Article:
Dems Oppose Making Schools Harder Targets

By: John Semmens

House Majority Leader Steny Hoyer (D-Md) rejected suggestions that would make schools “harder targets” by training and arming some of the staff could be a sensible solution for deterring or countering massacres of students.

“I’m surprised my Republican colleagues find the idea of arming teachers an appealing option,” Hoyer said. “Isn’t it teachers who are ramming critical race theory down the throats of the students? Isn’t it teachers who are grooming kids to become homosexuals and transgenders? Isn’t it teachers who are having sex with students? Why would Republicans want to arm such people?”

Transportation Secretary Pete Buttigieg called the idea that we can make our schools safer by making it harder for lunatics to get in and murder the children “insane. Trying to keep people out is racist and undemocratic. Whether it’s schools or our southern border, keeping people from illegally entering fosters animosity. Animosity is what motivates people to harm others. School doors need to remain open for all. I’d like to leave my doors open but there are too many people out there who want to hurt me because I’m gay. If the LGBTQ indoctrination at our schools is successful, one day gays will be the majority and I’ll feel safer leaving my doors open.”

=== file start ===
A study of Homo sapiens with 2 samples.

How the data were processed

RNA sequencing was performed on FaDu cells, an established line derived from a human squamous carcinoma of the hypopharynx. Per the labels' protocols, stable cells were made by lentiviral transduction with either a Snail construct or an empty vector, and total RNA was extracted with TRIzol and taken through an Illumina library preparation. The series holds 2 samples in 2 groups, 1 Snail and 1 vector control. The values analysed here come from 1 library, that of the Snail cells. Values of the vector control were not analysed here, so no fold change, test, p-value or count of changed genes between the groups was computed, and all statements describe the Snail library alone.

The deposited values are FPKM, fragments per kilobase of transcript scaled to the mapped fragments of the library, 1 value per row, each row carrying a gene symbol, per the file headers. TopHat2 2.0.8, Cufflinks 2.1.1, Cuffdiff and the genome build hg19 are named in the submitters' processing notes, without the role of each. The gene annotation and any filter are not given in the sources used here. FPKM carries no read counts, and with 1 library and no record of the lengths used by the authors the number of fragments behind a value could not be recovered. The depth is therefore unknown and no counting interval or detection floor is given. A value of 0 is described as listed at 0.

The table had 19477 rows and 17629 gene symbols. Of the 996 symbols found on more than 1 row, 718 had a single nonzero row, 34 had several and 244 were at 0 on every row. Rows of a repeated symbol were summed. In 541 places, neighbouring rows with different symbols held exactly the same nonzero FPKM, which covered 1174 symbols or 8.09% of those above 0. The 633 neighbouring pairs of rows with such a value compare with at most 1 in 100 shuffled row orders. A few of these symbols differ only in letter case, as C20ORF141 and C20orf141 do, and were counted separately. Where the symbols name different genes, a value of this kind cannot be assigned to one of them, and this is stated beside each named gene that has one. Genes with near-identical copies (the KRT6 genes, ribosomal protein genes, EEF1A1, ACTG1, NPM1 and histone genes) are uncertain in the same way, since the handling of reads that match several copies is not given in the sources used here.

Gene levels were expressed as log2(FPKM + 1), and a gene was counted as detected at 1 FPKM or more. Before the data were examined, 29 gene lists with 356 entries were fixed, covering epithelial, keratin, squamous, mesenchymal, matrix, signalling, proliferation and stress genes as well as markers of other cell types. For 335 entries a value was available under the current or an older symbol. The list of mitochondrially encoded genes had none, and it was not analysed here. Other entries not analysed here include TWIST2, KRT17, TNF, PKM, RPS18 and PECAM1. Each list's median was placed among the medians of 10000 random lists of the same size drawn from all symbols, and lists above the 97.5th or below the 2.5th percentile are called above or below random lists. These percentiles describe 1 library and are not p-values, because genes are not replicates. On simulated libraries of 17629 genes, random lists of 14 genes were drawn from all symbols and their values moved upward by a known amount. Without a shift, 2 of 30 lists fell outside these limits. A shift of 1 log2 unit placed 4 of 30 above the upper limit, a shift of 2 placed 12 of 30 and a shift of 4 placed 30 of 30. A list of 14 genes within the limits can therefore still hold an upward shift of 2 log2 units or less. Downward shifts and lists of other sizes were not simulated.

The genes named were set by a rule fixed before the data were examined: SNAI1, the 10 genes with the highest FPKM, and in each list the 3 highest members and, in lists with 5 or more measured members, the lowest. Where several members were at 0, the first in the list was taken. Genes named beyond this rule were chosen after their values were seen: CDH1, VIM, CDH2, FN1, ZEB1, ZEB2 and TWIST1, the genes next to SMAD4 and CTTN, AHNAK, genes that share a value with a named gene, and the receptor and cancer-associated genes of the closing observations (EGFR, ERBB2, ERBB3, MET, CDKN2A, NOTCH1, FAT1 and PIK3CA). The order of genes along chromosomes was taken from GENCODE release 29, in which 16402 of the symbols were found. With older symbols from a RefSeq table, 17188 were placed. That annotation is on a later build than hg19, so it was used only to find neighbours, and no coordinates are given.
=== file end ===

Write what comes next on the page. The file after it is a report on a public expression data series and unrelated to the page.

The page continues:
Texas Attorney General Ken Paxton called hardening the target “a sensible option for improving school safety. The notion that outlawing guns can be effective is fatally flawed. People that are shooting people, that are killing kids, they’re not following murder laws. They’re not going to follow gun laws. Having decent, law-abiding individuals armed and trained would provide an extra layer of defense. As we saw at Uvalde, a good guy with a gun was what took down the shooter. Meanwhile, the city police sat by for more than a hour waiting for special equipment to arrive.”